Weekly Neuroscience Update

A growing body of evidence suggests that learning to play an instrument and continuing to practice and play it may offer mental benefits throughout life. Hearing has also been shown to be positively affected by making music. The latest study, published in the July issue of Frontiers in Human Neuroscience, shows that musical instrument training may reduce the effects of mental decline associated with aging. The research found that older adults who learned music in childhood and continued to play an instrument for at least 10 years outperformed others in tests of memory and cognitive ability.

Neuroscientists are finding that, as we get older, our aging brains are proving surprisingly malleable, and in ways not previously anticipated. But there are limitations. There is growing evidence that, beyond what was previously believed, the adult human brain is remarkably malleable and capable of new feats — even in the last decades of life. And UCLA researchers found that older adults who regularly used a brain fitness program played on a computer demonstrated significantly improved memory and language skills.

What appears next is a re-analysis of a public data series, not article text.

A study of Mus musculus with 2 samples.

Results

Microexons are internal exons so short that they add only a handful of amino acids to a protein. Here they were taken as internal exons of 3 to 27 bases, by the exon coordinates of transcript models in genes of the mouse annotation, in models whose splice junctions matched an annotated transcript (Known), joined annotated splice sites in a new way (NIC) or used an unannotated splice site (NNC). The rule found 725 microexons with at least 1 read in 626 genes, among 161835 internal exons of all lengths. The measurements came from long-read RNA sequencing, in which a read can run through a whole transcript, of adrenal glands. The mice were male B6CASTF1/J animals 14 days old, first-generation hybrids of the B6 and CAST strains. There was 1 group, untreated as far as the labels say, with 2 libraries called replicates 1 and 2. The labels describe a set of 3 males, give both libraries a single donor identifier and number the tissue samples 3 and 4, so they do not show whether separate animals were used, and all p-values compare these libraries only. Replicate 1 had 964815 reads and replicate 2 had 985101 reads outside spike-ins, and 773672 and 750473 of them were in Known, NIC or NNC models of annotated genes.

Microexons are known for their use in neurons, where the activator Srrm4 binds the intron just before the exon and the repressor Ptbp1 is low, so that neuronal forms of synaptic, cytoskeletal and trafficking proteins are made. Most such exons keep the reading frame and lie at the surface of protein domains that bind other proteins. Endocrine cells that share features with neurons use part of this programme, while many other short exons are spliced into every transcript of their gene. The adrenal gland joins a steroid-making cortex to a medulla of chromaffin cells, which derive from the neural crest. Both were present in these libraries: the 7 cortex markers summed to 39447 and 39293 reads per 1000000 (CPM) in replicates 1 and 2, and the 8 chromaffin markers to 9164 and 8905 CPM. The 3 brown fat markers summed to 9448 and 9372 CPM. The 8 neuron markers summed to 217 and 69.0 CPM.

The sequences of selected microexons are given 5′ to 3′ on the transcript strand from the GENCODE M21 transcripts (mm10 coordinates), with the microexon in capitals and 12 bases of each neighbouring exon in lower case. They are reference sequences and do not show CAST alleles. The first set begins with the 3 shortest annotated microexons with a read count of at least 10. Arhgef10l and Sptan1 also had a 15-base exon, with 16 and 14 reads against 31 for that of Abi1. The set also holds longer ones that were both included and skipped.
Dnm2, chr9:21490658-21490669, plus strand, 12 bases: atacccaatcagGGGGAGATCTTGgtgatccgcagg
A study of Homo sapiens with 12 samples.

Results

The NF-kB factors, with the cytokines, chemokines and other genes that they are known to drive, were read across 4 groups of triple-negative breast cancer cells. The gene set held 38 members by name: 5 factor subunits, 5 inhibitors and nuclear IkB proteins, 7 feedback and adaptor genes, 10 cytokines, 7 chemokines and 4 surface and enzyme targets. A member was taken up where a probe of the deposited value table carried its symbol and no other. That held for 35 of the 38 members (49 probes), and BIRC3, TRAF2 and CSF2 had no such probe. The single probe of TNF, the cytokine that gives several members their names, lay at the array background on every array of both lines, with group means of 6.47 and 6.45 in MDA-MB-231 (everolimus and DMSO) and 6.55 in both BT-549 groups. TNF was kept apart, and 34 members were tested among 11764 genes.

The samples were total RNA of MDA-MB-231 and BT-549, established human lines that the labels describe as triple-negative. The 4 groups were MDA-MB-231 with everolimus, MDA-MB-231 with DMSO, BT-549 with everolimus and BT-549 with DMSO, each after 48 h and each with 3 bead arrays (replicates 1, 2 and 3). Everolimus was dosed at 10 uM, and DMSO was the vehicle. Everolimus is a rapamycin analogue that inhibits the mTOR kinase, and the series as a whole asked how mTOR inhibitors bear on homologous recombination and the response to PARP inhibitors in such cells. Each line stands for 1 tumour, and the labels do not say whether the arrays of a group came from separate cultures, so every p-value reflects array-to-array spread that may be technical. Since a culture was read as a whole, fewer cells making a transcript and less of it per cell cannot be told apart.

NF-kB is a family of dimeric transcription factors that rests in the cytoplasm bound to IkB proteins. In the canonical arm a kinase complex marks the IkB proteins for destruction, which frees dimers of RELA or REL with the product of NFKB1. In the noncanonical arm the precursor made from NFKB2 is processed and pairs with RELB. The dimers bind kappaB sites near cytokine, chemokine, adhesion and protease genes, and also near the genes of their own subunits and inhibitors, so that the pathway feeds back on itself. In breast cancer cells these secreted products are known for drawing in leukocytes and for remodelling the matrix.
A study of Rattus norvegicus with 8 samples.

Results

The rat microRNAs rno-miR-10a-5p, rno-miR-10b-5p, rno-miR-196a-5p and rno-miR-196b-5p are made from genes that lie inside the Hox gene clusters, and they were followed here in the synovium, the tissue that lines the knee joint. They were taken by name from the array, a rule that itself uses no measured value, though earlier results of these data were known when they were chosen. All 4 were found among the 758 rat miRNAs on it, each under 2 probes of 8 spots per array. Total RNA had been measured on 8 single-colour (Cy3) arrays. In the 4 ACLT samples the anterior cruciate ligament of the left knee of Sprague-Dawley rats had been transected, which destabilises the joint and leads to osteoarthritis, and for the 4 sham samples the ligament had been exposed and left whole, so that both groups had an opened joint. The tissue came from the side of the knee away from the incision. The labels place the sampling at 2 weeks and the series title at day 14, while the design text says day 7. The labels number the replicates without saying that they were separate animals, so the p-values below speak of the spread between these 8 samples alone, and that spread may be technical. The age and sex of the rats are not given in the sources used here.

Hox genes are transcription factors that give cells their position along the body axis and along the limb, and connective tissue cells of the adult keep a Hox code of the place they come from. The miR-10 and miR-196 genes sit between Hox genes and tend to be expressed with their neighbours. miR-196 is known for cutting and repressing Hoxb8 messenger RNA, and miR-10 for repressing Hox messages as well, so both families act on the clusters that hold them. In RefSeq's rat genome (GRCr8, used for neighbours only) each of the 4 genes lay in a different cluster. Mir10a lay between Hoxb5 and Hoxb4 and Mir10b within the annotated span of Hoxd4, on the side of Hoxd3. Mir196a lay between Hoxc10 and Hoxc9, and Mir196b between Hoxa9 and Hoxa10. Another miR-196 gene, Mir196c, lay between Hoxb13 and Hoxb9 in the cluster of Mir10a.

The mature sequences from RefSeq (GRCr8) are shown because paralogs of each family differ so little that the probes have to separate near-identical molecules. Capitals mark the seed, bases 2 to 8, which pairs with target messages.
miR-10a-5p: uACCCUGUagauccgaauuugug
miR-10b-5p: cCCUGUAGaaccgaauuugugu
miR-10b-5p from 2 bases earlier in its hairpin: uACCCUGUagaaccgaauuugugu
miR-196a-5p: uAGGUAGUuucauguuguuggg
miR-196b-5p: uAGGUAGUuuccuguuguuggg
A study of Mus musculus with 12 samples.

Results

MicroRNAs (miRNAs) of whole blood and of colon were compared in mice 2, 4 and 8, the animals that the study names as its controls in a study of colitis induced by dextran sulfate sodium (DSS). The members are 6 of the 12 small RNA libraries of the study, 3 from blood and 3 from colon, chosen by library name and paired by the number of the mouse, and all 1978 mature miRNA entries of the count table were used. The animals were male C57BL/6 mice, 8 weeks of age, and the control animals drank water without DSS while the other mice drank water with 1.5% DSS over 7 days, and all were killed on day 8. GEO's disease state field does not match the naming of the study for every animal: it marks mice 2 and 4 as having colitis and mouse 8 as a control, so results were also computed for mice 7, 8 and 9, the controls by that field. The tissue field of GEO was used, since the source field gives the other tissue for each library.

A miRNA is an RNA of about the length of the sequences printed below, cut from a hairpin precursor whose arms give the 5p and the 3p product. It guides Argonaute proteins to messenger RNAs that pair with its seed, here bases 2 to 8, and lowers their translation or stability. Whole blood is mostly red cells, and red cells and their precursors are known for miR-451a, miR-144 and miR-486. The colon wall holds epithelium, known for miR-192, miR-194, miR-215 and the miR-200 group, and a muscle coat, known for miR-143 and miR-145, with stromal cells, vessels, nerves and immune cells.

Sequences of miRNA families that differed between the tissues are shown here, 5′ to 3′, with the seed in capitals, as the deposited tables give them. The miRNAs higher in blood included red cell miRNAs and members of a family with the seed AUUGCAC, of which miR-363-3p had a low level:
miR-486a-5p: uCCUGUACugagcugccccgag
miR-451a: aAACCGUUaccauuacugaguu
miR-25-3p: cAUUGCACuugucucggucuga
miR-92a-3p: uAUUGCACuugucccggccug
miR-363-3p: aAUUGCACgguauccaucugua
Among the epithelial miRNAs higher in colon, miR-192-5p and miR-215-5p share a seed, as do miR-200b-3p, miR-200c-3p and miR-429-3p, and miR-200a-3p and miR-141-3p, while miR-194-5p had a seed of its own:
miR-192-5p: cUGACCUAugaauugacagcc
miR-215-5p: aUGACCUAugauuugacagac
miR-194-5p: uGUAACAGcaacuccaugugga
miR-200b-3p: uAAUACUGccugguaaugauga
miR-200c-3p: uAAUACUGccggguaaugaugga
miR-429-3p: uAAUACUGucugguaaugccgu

From older to younger brains now…

Determining when a teenage brain becomes an adult brain is not an exact science but it’s getting closer, according to an expert in adolescent developmental psychology, speaking at the American Psychological Association’s 120th Annual Convention.

Researchers at Aalto University in Finland have developed the world’s first device designed for mapping the human brain that combines whole-head magnetoencephalography (MEG) and magnetic resonance imaging (MRI) technology. MEG measures the electrical function and MRI visualizes the structure of the brain. The merging of these two technologies will produce unprecedented accuracy in locating brain electrical activity non-invasively

According to a study conducted by the National Institutes of Health, children with attention-deficit/hyperactivity disorder (ADHD) experience a developmental delay in frontal regions of the brain.

The brain differences found in people with schizophrenia are mainly the result of the disease itself or its treatment, as opposed to being caused by genetic factors, according to a Dutch study

Bilingual children outperform children who speak only one language in problem-solving skills and creative thinking, according to research led at the University of Strathclyde.

When we focus intently on one task, we often fail to see other things in plain sight – a phenomenon known as ‘inattention blindness’. Scientists already know that performing a task involving high information load – a ‘high load’ task – reduces our visual cortex response to incoming stimuli. Now researchers from UCL have examined the brain mechanisms behind this, further explaining why our brain becomes ‘blind’ under high load.